Entertainment & Arts

Fred West drama Appropriate Adult impresses critics

Emily Watson and Dominic West in Appropriate Adult
Image caption Watson plays the "appropriate adult" who sat in on Fred West's police interviews

ITV1 drama Appropriate Adult, starring The Wire's Dominic West as killer Fred West, has earned rave reviews.

The Telegraph's Serena Davies said his performance in part one of the two-part programme had been "a Bafta shoo-in".

According to the Daily Mirror's Jim Shelley, Emily Watson was a "standout" as Janet Leach, the social worker who sat in on West's police interviews.

ITV said it had received two complaints about the drama, which drew an average audience of 4.4 million viewers.

That compared with the 6.5 million who watched Inspector George Gently on BBC One, broadcast at the same time on Sunday night.

Appropriate Adult - described as "calm, measured, real, haunting and terrible" in The Guardian - tells the story of Gloucester serial killer West through the eyes of Janet Leach.

Ms Leach was brought in by police as West's "appropriate adult" - a volunteer brought in to support young people and "vulnerable adults" in police custody.

In her five-star review, the Telegraph's Davies said the programme "suggested how manipulative and persuasive West could be".

Dominic West's "look of evil... created a shocking sense of meeting the killer himself", she added.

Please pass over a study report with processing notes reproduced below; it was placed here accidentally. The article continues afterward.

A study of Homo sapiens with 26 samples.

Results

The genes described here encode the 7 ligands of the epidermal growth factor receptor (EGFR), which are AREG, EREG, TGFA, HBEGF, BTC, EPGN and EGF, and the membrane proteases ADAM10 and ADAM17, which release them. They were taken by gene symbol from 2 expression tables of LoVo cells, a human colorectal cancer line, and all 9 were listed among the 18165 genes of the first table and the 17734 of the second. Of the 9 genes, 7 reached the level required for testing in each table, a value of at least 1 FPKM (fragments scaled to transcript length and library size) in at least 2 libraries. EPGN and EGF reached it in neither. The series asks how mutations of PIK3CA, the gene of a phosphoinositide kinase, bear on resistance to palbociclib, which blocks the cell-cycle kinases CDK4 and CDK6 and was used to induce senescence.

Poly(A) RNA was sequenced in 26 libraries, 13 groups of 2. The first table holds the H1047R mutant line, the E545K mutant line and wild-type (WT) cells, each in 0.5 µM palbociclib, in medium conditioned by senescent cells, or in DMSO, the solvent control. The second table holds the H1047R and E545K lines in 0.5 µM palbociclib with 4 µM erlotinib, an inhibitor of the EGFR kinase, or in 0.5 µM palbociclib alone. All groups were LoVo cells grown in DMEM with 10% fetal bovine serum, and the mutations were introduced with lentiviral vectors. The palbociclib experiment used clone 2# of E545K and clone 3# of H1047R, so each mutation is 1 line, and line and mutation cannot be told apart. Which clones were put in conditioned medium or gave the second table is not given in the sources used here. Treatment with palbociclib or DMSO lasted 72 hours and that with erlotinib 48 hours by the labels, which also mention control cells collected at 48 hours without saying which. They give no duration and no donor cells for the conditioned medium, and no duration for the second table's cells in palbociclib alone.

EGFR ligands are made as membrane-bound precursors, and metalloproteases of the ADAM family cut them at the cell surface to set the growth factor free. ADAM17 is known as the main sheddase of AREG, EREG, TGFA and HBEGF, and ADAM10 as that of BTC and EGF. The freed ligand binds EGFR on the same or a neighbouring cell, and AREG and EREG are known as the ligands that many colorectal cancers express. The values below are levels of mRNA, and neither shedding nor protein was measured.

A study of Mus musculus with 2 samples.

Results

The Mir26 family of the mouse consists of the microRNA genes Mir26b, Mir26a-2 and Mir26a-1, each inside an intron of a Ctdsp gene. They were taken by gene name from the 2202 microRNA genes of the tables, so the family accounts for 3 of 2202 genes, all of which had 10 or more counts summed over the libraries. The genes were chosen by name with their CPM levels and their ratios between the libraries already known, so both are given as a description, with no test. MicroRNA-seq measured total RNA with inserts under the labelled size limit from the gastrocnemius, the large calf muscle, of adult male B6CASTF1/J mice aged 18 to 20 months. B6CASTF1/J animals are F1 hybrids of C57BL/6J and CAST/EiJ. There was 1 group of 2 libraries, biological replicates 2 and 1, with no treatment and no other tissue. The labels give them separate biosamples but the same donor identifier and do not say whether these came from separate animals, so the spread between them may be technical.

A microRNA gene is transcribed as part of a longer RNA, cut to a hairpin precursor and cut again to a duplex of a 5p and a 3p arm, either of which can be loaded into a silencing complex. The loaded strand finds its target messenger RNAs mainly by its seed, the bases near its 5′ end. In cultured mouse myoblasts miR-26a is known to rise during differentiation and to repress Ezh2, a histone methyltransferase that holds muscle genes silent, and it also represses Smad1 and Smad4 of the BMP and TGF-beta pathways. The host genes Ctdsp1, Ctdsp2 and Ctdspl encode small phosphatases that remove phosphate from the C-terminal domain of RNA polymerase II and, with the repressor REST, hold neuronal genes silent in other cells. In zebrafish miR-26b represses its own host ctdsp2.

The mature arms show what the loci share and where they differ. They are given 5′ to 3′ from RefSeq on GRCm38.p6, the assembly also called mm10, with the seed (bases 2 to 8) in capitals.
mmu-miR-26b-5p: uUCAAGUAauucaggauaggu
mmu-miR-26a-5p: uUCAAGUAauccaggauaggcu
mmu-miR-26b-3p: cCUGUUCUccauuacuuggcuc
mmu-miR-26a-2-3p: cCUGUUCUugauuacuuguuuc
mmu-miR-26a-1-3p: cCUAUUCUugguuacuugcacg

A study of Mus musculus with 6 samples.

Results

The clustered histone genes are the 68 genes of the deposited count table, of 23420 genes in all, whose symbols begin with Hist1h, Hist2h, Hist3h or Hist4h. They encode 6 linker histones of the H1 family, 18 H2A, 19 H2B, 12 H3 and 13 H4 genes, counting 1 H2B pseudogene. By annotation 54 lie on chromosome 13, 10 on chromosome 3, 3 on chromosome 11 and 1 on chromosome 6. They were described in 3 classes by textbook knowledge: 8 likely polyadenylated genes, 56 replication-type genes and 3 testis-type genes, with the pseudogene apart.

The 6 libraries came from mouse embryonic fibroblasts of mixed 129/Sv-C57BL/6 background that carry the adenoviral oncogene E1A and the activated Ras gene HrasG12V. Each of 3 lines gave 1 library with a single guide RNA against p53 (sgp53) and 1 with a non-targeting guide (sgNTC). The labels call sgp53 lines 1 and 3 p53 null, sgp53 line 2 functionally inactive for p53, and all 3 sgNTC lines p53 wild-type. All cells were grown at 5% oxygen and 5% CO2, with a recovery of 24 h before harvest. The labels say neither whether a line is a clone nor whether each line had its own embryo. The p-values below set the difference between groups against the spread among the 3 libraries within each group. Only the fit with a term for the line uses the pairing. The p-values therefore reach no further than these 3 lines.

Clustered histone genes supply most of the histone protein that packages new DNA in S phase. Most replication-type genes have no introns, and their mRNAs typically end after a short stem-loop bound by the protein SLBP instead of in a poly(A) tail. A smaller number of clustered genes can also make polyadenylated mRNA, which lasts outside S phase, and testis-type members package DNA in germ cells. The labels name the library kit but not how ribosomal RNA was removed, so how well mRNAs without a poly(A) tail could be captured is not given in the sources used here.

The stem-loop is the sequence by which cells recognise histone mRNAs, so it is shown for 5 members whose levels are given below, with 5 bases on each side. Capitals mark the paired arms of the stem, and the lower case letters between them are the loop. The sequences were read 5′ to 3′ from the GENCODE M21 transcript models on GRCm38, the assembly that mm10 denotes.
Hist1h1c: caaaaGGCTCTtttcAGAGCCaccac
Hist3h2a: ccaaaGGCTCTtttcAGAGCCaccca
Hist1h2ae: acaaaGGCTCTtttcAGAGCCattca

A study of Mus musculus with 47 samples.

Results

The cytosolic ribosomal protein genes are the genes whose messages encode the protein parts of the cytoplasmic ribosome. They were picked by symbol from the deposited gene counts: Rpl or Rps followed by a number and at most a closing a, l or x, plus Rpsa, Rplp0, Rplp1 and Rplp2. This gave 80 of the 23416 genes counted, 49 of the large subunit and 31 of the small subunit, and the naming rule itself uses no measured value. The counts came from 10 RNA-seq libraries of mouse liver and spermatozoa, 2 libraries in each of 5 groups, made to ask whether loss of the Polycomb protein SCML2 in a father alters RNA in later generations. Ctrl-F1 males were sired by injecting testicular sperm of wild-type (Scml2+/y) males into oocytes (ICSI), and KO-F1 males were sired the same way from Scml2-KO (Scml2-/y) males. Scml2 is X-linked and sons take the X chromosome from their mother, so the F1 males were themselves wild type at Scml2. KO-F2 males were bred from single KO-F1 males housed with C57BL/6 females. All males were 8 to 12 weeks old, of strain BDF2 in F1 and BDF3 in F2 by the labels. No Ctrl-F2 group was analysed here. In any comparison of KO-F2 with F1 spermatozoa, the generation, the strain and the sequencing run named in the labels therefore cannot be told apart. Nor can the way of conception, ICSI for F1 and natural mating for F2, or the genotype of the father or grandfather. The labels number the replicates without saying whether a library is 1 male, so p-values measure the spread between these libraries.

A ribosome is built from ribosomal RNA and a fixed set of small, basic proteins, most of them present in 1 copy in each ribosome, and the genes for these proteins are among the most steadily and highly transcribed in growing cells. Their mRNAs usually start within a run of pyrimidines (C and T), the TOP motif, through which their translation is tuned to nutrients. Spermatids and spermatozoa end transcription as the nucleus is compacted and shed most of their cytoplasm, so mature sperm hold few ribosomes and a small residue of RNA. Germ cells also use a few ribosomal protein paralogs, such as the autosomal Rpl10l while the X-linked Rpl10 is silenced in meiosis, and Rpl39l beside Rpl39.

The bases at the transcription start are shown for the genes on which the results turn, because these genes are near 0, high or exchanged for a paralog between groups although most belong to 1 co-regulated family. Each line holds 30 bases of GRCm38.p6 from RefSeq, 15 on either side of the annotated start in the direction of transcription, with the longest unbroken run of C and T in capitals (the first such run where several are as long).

'Beautifully done'

Writing in the Guardian, Sam Wollaston also had praise for Monica Dolan's "convincing and terrifying" portrayal of Fred West's wife Rosemary.

Image caption Fred West killed himself in 1995. His widow received a life sentence

In his four-star review for The Times, meanwhile, Andrew Billen praised writer Neil McKay's use of banality in his script.

"When it comes to putting evil back in its box, banality is the best put-down ever devised," he said.

The Independent's Tom Sutcliffe praised the drama's grip. However, he said he felt it had missed a trick.

In his opinion, Appropriate Adult - which concludes next Sunday - "missed an opportunity to question our appetite for atrocity, rather than just feed it".

Speaking to BBC Breakfast on Monday, Neil McKay defended the programme, saying he hoped it was "restrained and sober and thoughtful".

"Dramas have been made about the Holocaust, about the Vietnam War, about 9/11," he said.

"It's not a matter of whether drama can deal with these subjects. It's a matter of how."

In March, West's daughter Anne Marie Davis said the broadcast would cause "unimaginable distress" to the families of the "young girls" her father murdered.